For a 117 year span, the London Silver Market Fixing Limited has been setting a A.M. price fix on Silver. It has become the industry standard worldwide to use to the London fix price for the vast majority of buying and selling. While there is the spot market which is open and trades live, the logistics of agreeing on a exact time of a transaction can be hard for many businesses. This is solved by having a set price every day.
With the rise of a digital market that is available around the clock, as well as increased availability of knowledge and news, there has been a increased amount of scrutiny of the Silver fix price. Getting any group to agree on a fair Silver price and for what reasons will always be hard with so many contributing factors. There have also been many allegations of interference, price manipulation, insider trading, or other corruption as far as the Silver price.
The Deutsche Bank, HSBC and Bank of Nova Scotia will stop issuing a Silver fix after Aug. 14. This three months will give businesses and investors a chance to explore other alternatives for pricing Silver. There have already been interests in a few different price fixing models that use direct market data and are a bit more transparent as far as the reasons for the Silver fix price.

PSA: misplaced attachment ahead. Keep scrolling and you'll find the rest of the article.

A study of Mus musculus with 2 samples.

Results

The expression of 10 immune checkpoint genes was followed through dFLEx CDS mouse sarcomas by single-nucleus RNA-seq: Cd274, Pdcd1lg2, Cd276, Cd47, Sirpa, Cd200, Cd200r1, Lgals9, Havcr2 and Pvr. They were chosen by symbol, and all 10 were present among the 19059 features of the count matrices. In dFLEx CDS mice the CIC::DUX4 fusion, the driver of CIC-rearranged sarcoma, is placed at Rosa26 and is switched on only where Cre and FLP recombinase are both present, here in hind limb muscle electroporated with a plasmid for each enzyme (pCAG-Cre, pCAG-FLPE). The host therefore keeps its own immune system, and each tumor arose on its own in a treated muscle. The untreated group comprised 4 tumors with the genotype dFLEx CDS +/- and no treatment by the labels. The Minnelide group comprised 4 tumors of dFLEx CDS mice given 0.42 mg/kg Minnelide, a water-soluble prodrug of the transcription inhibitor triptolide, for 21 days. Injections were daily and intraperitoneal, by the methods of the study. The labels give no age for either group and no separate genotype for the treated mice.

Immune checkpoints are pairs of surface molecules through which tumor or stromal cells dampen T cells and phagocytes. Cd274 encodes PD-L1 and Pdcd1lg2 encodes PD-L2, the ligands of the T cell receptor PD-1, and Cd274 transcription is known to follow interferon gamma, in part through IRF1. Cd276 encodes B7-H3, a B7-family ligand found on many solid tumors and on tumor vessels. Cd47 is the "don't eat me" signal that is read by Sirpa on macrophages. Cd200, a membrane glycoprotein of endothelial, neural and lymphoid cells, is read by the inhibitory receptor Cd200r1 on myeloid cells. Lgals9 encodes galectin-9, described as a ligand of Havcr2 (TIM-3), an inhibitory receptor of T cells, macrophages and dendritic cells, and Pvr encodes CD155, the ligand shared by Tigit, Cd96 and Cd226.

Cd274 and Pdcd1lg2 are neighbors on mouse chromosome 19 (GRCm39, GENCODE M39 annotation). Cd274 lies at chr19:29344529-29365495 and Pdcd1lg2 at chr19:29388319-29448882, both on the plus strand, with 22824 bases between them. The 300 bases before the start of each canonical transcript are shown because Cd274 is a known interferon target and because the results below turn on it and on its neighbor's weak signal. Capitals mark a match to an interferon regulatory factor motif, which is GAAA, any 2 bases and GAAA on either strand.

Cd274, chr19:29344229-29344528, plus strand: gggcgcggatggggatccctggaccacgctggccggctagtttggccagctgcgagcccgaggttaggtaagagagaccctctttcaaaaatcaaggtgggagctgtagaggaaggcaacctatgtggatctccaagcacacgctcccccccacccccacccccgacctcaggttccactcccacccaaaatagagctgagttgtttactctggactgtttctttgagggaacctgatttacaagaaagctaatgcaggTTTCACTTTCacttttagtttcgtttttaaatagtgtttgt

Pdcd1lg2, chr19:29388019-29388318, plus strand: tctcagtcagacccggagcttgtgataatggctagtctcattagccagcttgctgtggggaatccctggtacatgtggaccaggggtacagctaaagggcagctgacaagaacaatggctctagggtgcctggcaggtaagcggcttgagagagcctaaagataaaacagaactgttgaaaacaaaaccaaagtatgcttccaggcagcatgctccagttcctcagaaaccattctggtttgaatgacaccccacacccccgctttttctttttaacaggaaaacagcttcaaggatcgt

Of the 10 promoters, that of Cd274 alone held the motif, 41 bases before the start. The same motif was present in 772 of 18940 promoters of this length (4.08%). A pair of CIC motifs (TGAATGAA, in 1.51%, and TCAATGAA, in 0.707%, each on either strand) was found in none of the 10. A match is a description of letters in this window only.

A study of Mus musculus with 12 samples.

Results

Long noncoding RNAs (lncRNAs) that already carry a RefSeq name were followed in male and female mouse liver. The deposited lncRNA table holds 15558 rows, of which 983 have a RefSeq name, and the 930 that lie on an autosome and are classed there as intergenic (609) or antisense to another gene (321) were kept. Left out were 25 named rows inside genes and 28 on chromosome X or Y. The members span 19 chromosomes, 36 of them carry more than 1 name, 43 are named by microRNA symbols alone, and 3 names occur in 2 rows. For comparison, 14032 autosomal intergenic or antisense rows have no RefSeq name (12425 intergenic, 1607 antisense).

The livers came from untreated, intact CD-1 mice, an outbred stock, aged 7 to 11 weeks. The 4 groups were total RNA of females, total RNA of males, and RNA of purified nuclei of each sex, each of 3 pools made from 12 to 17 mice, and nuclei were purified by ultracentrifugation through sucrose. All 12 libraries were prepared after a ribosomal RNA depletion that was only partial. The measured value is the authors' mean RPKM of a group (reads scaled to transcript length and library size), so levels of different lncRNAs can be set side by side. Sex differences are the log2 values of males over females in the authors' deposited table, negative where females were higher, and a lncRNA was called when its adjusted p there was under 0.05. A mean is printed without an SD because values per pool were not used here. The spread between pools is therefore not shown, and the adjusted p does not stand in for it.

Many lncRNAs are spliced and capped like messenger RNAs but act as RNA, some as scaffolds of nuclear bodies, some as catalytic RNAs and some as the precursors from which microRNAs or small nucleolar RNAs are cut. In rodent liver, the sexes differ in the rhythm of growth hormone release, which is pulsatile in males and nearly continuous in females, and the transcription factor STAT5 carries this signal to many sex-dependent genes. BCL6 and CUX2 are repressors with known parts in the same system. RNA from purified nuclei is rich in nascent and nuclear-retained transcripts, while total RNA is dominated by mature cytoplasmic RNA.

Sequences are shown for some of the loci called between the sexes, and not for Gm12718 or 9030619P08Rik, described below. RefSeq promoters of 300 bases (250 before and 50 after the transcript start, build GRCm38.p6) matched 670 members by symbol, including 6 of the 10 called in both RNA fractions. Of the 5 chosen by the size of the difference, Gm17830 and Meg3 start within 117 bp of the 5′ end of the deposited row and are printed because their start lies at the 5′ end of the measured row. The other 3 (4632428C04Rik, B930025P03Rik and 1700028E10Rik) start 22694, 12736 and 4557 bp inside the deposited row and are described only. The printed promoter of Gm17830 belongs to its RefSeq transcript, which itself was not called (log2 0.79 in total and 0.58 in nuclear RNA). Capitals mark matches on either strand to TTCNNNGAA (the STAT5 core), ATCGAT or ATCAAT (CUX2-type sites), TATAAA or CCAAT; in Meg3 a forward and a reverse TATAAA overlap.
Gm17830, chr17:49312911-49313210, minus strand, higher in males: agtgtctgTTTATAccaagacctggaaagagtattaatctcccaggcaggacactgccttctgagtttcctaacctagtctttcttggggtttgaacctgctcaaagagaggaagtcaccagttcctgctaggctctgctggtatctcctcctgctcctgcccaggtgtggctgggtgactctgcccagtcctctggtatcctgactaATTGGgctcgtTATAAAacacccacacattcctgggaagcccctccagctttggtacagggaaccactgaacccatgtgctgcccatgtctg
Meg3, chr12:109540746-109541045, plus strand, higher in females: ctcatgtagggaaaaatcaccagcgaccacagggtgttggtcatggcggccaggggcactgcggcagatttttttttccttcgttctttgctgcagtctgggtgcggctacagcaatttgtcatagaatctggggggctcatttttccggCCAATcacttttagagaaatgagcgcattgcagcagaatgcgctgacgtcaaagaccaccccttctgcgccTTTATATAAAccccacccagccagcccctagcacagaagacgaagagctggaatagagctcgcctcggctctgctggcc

The good news in all of this is that we may end up with a more reliable source for accurate Silver prices, and one that is market based that is not able to be manipulated by an individual or company. It will be interesting to see how this will effect the price of Silver as well as physical Silver investment, since most of this was done using the London Silver Fix.
All of this news comes the same day as the news that the Silver trade data came out. The trade data said that investment was up especially in the physical sector, scrap Silver sales are down so less metal is reentering the market, and that Silver in a deficit of production of over 100 million troy ounces.